How Direct Mail Marketing Can Thrive After GDPR
The General Data Protection Regulation (GDPR) that came into effect in May 2018 has made the marketing industry rethink the way it uses and processes customer data. In this article, we examine the effects of GDPR on direct mail marketing.
An important GDPR notion you have to understand when running direct mail marketing campaigns is that of “legitimate interest”. Legitimate interest looks at balancing the interest of the data controllers and the data subjects and is particularly important in regards to direct mail.
In some cases, legitimate interest can be invoked when the processing is not required by law but is of a clear benefit to you or others; there’s a limited privacy impact on the individual; the individual should reasonably expect you to use their data in that way; and you cannot, or do not want to, give the individual full upfront control (ie consent) or bother them with disruptive consent requests when they are unlikely to object to the processing.
At the same time as GDPR introduced fines for inappropriate use, transmission, and storing of personal data through digital channels, the Information Commissioner’s Office (ICO) has confirmed that direct mail remains an opt-out media marketing channel where advertisers can use the legitimate interest premise and are not required to obtain explicit consent.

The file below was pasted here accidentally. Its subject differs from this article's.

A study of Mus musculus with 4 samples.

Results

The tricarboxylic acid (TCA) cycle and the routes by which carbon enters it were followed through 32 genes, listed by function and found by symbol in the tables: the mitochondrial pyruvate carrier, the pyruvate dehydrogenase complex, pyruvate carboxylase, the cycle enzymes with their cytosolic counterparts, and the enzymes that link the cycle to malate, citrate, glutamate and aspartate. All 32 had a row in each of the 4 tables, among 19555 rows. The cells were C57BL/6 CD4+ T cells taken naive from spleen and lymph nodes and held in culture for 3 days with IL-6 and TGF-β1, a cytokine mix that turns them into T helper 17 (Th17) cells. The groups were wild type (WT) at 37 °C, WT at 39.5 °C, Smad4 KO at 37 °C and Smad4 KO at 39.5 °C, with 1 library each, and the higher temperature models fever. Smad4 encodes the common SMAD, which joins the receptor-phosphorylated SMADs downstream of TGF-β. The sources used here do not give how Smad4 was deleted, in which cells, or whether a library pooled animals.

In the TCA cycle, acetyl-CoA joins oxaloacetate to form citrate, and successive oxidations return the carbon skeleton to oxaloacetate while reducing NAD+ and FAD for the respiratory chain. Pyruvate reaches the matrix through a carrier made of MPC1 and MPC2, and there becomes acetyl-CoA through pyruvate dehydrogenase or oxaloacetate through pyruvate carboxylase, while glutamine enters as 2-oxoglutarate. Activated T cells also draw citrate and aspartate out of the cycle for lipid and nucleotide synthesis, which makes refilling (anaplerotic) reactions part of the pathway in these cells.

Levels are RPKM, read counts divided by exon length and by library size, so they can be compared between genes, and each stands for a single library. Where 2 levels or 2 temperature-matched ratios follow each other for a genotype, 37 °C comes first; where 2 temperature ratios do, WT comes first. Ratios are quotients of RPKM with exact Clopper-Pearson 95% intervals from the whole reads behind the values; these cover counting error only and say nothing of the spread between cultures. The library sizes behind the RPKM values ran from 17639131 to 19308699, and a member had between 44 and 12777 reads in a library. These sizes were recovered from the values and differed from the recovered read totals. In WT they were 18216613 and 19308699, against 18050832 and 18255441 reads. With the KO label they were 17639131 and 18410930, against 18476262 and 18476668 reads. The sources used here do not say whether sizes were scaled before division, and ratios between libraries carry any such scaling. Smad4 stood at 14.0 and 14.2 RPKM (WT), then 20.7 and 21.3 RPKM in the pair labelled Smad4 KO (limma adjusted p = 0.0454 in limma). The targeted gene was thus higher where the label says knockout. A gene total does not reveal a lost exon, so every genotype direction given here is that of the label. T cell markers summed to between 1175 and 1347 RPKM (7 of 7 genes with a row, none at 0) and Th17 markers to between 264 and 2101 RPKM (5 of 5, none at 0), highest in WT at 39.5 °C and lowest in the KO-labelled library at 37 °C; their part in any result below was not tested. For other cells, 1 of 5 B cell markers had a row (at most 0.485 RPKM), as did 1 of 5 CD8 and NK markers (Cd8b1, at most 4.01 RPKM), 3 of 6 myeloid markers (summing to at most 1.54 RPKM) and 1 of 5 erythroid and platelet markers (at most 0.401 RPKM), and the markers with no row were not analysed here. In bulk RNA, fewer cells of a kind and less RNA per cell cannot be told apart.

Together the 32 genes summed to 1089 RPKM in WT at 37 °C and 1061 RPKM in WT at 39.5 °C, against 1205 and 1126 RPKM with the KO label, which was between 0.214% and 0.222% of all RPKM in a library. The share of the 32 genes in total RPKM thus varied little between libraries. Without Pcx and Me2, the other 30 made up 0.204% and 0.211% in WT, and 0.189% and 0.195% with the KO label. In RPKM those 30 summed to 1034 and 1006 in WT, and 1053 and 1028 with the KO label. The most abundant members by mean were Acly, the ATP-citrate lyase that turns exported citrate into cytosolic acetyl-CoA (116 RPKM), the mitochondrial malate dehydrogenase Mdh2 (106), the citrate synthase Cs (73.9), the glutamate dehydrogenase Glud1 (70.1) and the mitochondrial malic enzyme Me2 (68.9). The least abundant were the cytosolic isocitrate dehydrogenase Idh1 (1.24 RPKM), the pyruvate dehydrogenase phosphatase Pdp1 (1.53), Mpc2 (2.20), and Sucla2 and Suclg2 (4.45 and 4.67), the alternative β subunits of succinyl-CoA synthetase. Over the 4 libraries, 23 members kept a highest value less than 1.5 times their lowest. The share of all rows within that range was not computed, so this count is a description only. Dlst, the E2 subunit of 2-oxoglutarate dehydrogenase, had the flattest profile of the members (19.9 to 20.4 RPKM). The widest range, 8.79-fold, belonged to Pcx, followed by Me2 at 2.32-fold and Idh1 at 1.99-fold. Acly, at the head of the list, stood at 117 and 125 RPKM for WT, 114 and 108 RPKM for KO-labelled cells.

For these reasons, direct mail presents lower risk levels and more ethical clarity for marketing teams. It allows advertisers to re-engage with customers who have become mistrustful of how their personal data might be handled online. In cases where customers have opted-out of email updates, direct mail remains the only legitimate channel that brands can use to attempt to re-engage with them.
Article 5 of the GDPR means that business will be held accountable for the accuracy of the data they hold on their customers. Our data cleaning services will, therefore, help you achieve a greater return on investment and comply with data protection regulation.
In conclusion, any business whose data processing meets the requirements of the General Data Protection Regulation and can demonstrate that they have undertaken a legitimate interest assessment (balancing the potential benefits to their business against the reasonable expectations of the individuals and any impact of the processing on them) may be able to invoke legitimate interest as the legal basis for processing data for direct mail marketing – as opposed to having to gain explicit consent from their data subjects. This allows for growth and expansion within direct mail marketing. If you’re thinking of taking the step towards your next direct mail marketing campaign, contact us.